Sen. Charles Schumer (D-N.Y.) on Tuesday projected confidence that President Obama’s widely-panned debate performance last week has not hurt Democrats’ chances to retain the Senate.
“First I think we’re doing well. If you look at it state by state, and we are doing much better than we thought a couple of years ago,” he told reporters at a news conference on tax reform. “I think that continues, and I haven’t seen any change in that since the debate.”
Polls have not yet fully absorbed the aftermath of the Oct. 3 debate down the ticket. President Obama is now trailing GOP challenger Mitt Romney in several post-debate polls, however.
At this point, polls indicate Democratic candidates Sherrod Brown, Claire McCaskill, Tim Kaine and Tammy Baldwin are leading their tight races to hold Democratic seats in Ohio, Missouri, Virginia, and Wisconsin, respectively. Elizabeth Warren could give Democrats a gain in Massachusetts, if polls are to be believed.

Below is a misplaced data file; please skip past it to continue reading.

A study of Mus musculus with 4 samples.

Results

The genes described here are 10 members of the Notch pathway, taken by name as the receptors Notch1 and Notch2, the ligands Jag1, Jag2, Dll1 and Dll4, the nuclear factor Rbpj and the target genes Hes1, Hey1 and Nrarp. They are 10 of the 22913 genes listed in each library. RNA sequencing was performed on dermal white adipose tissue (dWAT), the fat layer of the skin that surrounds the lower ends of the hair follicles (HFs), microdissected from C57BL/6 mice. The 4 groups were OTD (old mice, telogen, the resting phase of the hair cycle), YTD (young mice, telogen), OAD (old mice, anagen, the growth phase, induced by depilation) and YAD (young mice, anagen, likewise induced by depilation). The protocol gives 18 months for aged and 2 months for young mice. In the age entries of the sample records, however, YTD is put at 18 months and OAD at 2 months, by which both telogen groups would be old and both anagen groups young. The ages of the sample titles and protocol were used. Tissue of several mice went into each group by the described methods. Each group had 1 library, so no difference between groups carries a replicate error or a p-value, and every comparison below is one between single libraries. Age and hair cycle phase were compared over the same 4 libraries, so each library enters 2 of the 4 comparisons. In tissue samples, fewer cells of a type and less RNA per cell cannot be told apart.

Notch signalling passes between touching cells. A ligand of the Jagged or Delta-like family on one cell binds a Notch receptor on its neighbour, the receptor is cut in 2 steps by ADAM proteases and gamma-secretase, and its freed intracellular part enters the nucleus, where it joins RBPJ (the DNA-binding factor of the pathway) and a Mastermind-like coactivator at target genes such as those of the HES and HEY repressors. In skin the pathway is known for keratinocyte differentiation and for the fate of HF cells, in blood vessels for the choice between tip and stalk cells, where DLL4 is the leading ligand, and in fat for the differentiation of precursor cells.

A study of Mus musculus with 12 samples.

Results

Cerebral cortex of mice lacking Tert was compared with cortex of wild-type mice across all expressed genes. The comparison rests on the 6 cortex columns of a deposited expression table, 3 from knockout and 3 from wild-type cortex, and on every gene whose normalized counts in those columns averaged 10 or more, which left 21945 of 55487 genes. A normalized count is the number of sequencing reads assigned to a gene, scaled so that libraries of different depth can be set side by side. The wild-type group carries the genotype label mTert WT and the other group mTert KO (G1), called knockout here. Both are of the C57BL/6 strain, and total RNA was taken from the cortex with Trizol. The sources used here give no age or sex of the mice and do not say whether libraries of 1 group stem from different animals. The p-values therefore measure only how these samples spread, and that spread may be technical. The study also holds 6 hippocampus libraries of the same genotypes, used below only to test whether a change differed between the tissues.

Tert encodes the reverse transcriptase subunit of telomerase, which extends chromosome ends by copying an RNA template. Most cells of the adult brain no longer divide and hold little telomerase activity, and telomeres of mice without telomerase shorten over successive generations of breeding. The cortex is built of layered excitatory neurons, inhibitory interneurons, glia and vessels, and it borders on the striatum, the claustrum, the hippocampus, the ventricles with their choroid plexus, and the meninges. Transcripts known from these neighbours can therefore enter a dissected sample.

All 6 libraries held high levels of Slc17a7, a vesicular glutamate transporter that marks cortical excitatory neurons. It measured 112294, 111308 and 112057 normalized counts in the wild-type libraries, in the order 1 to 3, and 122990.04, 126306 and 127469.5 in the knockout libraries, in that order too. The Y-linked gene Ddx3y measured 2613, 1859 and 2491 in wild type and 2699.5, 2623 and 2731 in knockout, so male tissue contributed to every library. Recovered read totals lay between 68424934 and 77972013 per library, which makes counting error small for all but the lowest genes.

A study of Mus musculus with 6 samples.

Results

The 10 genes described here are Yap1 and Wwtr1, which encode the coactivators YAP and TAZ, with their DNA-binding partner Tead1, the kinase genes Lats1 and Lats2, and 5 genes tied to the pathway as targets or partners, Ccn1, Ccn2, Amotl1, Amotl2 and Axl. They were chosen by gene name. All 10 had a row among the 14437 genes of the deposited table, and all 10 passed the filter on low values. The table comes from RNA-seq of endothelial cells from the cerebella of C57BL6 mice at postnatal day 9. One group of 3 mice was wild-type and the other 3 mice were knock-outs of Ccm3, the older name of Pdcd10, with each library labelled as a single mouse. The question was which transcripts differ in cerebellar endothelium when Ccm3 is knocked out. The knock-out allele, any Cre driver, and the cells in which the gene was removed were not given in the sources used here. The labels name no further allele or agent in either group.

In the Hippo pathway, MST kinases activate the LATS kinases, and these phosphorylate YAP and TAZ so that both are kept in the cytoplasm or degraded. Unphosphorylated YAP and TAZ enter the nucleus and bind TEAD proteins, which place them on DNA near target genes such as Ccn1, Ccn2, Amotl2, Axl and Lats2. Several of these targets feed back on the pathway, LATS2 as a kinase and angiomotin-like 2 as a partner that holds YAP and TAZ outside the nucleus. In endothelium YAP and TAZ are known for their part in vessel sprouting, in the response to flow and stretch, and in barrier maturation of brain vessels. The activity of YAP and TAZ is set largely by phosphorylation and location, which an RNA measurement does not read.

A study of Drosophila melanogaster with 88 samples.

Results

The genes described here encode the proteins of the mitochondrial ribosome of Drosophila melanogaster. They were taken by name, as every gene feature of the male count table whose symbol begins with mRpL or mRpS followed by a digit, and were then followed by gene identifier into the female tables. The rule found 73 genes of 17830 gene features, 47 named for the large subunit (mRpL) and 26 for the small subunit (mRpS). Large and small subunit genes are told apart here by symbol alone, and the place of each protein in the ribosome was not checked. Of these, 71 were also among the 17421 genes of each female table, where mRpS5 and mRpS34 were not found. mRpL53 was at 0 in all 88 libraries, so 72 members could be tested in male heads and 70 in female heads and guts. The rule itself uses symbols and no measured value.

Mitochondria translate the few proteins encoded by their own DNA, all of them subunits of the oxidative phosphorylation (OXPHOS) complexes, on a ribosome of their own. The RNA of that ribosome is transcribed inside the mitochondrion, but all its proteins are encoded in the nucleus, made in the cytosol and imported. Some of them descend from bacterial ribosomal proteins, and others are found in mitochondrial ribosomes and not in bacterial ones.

Democrats are more likely to lose Sen. Jon Tester’s (D-Mont.) seat and the seat vacated by Sen. Ben Nelson (D-Neb.). Independent Sen. Joe Lieberman (I-Conn.), who caucuses with Democrats, would likely be replaced by Republican Linda McMahon if the election were held today.
Schumer also said he does not think Romney will win the election. He said he agrees with analysis by New York Times' blogger Nate Silver, which still has Obama winning the Electoral College in the wake of the debate.
“He didn’t back off his prediction that the president has a decent chance of winning with a significant number of electoral votes,” Schumer noted.